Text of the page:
Wednesday, May 9, 2012

Party Pups---review of a preposition game

I've noticed recently that my fellow speech bloggers have been reviewing products provided by companies, and having a lot of fun doing this!  In this time of limited funding, and limited purchase power, I was feeling left out.  Then, I received a wonderful email from 'Carrie' from Super Duper asking ME to pick what I would like to review.  I felt honored!   This game, Party Pups, was provided for me by Super Duper, with a request that I review it. The opinions presented below are entirely my own. 

Since I seem to be working on prepositions a lot recently, the thought of reviewing Party Pups appealed to me.  According to the description, the object of the game is to "collect dog treat tokens for your dog as you practice using prepositions."  Essentially, there are 3 packages of cards with 24 prepositions targeted (each preposition is shown in three different contexts).  The pictures are engaging photos of dogs at various places and positions.  Prepositions include 'above', 'across', 'after', 'around', 'at', 'on', 'through'......this list is long and includes most of the common and some more advanced prepositions.

I wrote out the sentence to help a student add the verb.

Counting dog treats
Each child chooses a game board, the adult chooses a set of cards, and everyone takes turns picking a card and using the given preposition in a sentence to describe the picture.  After each turn, the player pushes the button to activate the electronic spinner to collect the corresponding number of dog treat tokens.

Now it's time for my first review! 

Positives first---

1.  The kids loved this game!  I played it with 4 different groups of children ranging from second grade to 5th grade---all developmentally delayed or autistic, with three of the children also learning English as a second language. The pictures were very attractive, clear, and entertaining.  The rules were simple, and at the end of every turn, pushing the beeping spinner and collecting bones was extremely reinforcing.  The game held their attention, rules were learned quickly, and they talked about other things too, such as 'bunk beds'  pictured here.  They also really got into counting the dog treats and deciding who had the 'most', 'least', and 'same' amounts.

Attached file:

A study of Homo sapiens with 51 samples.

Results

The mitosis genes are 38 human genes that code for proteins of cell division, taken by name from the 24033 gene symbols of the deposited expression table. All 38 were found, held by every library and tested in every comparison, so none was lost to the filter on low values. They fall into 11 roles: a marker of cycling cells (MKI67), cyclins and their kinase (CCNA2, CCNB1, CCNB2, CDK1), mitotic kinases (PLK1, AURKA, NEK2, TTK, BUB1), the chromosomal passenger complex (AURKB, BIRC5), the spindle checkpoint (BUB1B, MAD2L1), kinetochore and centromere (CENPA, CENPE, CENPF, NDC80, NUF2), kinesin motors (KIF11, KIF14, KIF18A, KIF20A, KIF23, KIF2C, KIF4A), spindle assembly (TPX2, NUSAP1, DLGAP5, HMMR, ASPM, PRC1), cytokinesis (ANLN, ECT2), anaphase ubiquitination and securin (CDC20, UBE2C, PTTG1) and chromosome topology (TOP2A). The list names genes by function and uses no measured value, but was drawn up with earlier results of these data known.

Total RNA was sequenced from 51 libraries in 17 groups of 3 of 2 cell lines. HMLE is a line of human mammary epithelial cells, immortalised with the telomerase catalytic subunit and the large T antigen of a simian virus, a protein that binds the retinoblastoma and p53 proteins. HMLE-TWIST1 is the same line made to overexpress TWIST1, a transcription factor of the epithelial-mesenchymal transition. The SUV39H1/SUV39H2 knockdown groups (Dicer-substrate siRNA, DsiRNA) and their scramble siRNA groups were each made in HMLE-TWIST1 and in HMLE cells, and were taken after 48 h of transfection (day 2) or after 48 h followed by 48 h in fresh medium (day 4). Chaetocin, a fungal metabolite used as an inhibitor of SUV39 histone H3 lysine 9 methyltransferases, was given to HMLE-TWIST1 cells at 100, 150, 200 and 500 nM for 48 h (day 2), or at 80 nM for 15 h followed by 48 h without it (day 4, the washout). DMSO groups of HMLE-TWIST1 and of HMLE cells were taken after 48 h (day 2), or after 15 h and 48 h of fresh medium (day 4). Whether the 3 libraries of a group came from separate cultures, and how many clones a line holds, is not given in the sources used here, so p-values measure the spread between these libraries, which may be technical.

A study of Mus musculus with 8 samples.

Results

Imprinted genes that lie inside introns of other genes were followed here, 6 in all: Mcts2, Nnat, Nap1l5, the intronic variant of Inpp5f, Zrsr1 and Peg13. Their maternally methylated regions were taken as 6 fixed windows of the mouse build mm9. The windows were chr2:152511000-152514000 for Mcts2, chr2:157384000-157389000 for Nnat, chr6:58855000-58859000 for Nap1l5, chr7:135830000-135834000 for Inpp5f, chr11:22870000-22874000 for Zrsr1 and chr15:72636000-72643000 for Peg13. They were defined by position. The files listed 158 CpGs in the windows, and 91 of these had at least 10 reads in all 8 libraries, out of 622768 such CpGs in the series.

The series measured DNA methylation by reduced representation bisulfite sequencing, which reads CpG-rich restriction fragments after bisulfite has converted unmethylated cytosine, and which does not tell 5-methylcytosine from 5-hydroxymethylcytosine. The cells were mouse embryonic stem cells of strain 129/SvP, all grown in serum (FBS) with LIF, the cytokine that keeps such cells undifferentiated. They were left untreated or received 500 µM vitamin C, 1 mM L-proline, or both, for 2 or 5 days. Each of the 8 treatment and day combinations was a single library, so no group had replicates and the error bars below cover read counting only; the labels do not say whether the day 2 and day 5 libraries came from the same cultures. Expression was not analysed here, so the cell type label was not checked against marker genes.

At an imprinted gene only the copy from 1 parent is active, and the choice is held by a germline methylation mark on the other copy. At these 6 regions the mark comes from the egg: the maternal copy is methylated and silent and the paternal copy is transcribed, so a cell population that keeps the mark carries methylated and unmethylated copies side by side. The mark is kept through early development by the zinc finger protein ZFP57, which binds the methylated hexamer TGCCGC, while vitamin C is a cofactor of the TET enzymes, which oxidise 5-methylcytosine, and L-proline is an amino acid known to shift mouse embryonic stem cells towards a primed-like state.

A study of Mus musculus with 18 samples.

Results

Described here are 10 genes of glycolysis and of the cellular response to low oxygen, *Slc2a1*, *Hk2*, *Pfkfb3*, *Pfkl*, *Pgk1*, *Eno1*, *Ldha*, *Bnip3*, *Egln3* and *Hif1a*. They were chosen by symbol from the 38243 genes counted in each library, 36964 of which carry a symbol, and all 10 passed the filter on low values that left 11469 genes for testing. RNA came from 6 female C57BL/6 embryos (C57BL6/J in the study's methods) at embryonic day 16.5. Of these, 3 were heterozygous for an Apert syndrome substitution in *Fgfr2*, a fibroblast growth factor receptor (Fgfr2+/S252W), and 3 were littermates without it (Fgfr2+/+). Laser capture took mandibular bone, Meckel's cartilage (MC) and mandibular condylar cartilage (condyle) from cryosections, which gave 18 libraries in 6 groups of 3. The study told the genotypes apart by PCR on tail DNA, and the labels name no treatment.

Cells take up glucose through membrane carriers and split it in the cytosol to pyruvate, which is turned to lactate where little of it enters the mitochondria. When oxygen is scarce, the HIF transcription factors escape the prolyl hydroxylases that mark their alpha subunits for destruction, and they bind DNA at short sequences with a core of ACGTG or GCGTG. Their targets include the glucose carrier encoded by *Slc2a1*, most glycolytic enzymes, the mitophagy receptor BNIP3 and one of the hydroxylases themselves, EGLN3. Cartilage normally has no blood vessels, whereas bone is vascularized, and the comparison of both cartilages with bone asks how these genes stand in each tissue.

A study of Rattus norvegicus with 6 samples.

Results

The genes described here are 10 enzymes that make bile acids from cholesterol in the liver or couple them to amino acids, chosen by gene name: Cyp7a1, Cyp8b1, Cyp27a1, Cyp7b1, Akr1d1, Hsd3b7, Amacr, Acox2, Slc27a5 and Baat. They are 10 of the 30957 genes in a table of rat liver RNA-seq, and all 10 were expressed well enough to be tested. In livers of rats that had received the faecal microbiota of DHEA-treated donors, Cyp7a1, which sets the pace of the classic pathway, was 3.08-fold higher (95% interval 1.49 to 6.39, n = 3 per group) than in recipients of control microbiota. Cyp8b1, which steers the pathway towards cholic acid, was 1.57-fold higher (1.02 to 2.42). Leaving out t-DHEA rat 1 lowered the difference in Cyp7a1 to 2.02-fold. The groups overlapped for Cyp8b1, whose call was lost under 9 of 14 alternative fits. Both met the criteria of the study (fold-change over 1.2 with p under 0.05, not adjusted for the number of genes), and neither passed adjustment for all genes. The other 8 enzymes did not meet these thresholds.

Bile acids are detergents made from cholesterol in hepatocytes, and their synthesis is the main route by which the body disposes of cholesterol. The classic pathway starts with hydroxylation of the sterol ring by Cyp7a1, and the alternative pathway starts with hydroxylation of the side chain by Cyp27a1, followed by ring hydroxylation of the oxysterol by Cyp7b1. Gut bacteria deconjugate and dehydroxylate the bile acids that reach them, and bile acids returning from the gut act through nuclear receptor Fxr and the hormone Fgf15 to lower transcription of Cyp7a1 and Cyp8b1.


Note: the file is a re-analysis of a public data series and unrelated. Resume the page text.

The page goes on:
2.  The game can be adapted a bit.  The game need not be played with all 24 preposition cards.  For the kids with younger language skills, only very basic concepts could be targeted.  More advanced concepts or prepositions can be saved for later.

3. You can also use the cards for a comparison activity.  For example, the word 'above' is shown three different ways.  For the more advanced children, see if they can explain what is the same in the cards and what is different.

4.  There is a little booklet with some extra game ideas to try, along with fun fact pages about each breed of dog pictured on the cards.  We didn't have time to delve into this today. 

 Thoughts to keep in mind

1.  The SLP using this game needs to know that the goal for this game is not to follow directions using prepositions or receptively identify them, but to label a picture using a given preposition in a grammatical phrase or sentence.  As you can see in the pictures above, the target word is shown below each picture, so if the child can read, all the thinking is done for deciding the appropriate preposition.  I found this game was really good for working on using correct sentence structure and syntax after given a word.  (I hope my explanation here makes sense.)

2.  Most of the vocabulary  presented in the pictures was age appropriate; however, a few of the pictures had unfamiliar items. (e.g. 'dog groomer', 'Eiffel Tower').  There were a couple of prepositions ('before' and 'after') that were too difficult and had more to do with the concept of time rather than space.  I just pulled out those cards for now, since those needed direct teaching using other materials.  

3.  Sometimes manufactured games come with data collection sheets but this game had none.  A data sheet would be easy for anyone like me to make, but a pre-made one could easily be included with the game or available for download from the Super Duper website.  In this time of RtI, accountability, and evidence-based practice, data is the driving force behind progress monitoring.  

So that's my review.  If you are interested in purchasing this, go here.  As I wrote earlier, my kids truly loved this game. I think their responses were the most enthusiastic I've seen for a manufactured language game.
In order to really use it effectively,  I do need to type up a simple pre- and post-data collection sheet, and I need to keep exact goals in mind as I play the game with students, taking data and adapting accordingly. I feel that this game would definitely be worth purchasing.